By Frank Dabek

Although encouraging prospective freshmen to come to MIT is the focus of this weekend, the Orientation plans for those who choose to matriculate are already well underway. The recently-appointed Orientation coordinators have begun to develop the tentative schedule for Orientation ’99.

Orientation will be “a lot more like last year than in year’s past,” said Elsie Huang ’00, one of this year’s coordinators. Elizabeth Cogliano-Young, student programs coordinator, said that there are “not a lot of changes” in the schedule this year.

Some changes have been made, however. The athletics tour will be replaced with an alternate event according to Huang. BaFa BaFa will not return to Orientation, said Julie Gesch ’00, another orientation coordinator.

In one of the few major changes to the Orientation schedule, the Institute Welcome Dinner moved from Wednesday to Thursday. Gesch said that this change will “give freshmen a chance to relax” after they first arrive on Wednesday.

Focus of Orientation changes

In addition to scheduling changes, the focus of Orientation has been altered in several ways. Huang said that next year’s Orientation will feature a “bigger focus on Orientation groups.” More time will be spent in the small groups and freshmen will eat dinner off-campus with their groups on Friday night.

According to Dakus S. Gunn ’01, Orientation will have an increased focus on class pride. Gunn says that class colors will play a role in encouraging class unity. The 2003 colors, black and crimson, will be featured on advertising, T-shirts, and banners. Gunn also said that he wants to “bring the level of maturity up” in Orientation by encouraging students to explore Boston and through a possible event with Wellesley or other local colleges. Gunn characterized previous Orientations and R/Os as “child’s play” and said that this year Orientation will “treat [freshmen] as adults.”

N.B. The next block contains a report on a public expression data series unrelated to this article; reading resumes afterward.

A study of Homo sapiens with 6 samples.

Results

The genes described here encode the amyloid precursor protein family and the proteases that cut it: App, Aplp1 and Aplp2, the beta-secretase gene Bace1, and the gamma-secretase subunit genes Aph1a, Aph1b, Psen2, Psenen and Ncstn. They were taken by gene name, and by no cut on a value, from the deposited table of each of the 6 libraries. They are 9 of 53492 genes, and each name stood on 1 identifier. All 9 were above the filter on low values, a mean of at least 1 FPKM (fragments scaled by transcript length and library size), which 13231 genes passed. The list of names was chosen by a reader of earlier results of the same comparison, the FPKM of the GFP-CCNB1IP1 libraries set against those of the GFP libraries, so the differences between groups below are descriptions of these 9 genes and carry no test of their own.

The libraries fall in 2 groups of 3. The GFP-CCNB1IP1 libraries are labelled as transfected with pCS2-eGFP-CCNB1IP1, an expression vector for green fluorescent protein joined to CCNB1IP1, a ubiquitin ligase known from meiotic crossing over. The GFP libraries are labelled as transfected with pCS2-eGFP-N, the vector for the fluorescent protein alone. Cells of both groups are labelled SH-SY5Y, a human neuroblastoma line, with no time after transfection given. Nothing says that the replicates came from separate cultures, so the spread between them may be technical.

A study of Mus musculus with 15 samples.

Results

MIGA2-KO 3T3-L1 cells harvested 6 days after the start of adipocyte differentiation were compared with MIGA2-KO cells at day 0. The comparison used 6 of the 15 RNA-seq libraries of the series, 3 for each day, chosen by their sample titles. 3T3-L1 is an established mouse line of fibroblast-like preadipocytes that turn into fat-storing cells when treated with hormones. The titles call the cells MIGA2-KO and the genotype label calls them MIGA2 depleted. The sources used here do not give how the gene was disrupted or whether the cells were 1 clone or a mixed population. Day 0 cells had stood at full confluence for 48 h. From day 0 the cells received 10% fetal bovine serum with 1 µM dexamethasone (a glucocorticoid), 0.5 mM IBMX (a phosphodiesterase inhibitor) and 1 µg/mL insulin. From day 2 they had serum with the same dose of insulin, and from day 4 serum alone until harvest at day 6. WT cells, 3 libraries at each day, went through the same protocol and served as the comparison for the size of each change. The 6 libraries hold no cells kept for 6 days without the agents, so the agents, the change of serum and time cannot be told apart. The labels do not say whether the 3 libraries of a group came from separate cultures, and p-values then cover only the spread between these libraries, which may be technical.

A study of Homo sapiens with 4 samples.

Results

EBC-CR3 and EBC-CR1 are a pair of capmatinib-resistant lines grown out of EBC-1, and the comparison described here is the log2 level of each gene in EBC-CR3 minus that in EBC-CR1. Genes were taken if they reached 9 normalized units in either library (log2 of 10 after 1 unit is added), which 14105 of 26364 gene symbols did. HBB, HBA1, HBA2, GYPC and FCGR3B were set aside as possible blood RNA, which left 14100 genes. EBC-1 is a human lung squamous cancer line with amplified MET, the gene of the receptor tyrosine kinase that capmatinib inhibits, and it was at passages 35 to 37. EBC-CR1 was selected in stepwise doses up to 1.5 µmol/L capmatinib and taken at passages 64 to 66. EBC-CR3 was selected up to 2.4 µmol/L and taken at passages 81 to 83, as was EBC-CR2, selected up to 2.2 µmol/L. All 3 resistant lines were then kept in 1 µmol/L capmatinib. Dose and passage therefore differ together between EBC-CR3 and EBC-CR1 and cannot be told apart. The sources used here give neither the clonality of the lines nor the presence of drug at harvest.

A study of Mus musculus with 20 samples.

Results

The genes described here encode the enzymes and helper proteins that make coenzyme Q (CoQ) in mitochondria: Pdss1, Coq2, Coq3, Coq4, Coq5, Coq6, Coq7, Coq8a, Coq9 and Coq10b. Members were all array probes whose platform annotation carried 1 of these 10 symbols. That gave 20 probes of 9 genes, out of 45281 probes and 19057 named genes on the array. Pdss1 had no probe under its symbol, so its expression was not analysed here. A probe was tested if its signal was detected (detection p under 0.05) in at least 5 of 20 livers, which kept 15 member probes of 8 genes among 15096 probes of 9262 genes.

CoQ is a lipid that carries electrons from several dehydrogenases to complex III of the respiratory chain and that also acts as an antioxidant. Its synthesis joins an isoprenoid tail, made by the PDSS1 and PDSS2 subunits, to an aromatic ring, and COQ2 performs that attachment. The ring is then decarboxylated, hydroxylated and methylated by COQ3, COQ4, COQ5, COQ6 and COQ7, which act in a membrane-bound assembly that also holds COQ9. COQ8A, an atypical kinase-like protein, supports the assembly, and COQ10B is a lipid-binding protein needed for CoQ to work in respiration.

Parent’s Orientation will also be expanded next year. Gunn said that a possible cruise on the Spirit of Boston is being investigated.

Committee to aid organizers

The four coordinators will soon appoint a committee of 20 to 25 students who will aid them in the organization of Orientation. Applications for this committee are due on Apr. 16.

The actual planning of Orientation is divided between these students and the administrative officials, notably Cogliano-Young and Kip V. Hodges, dean for undergraduate curriculum, Huang said.

She said that much of the schedule was designed by administrators but that the ultimate responsibility for organizing Orientation lies with the students. Unfilled time slots in the schedule give the organizers additional freedom, she said.

Students “do have a lot of say” in the process especially “during the box of time that we own,” Gesch said.

All of this year’s Orientation Coordinators are affiliated with the IFC. However, all said that Orientation and residence selection are completely unrelated.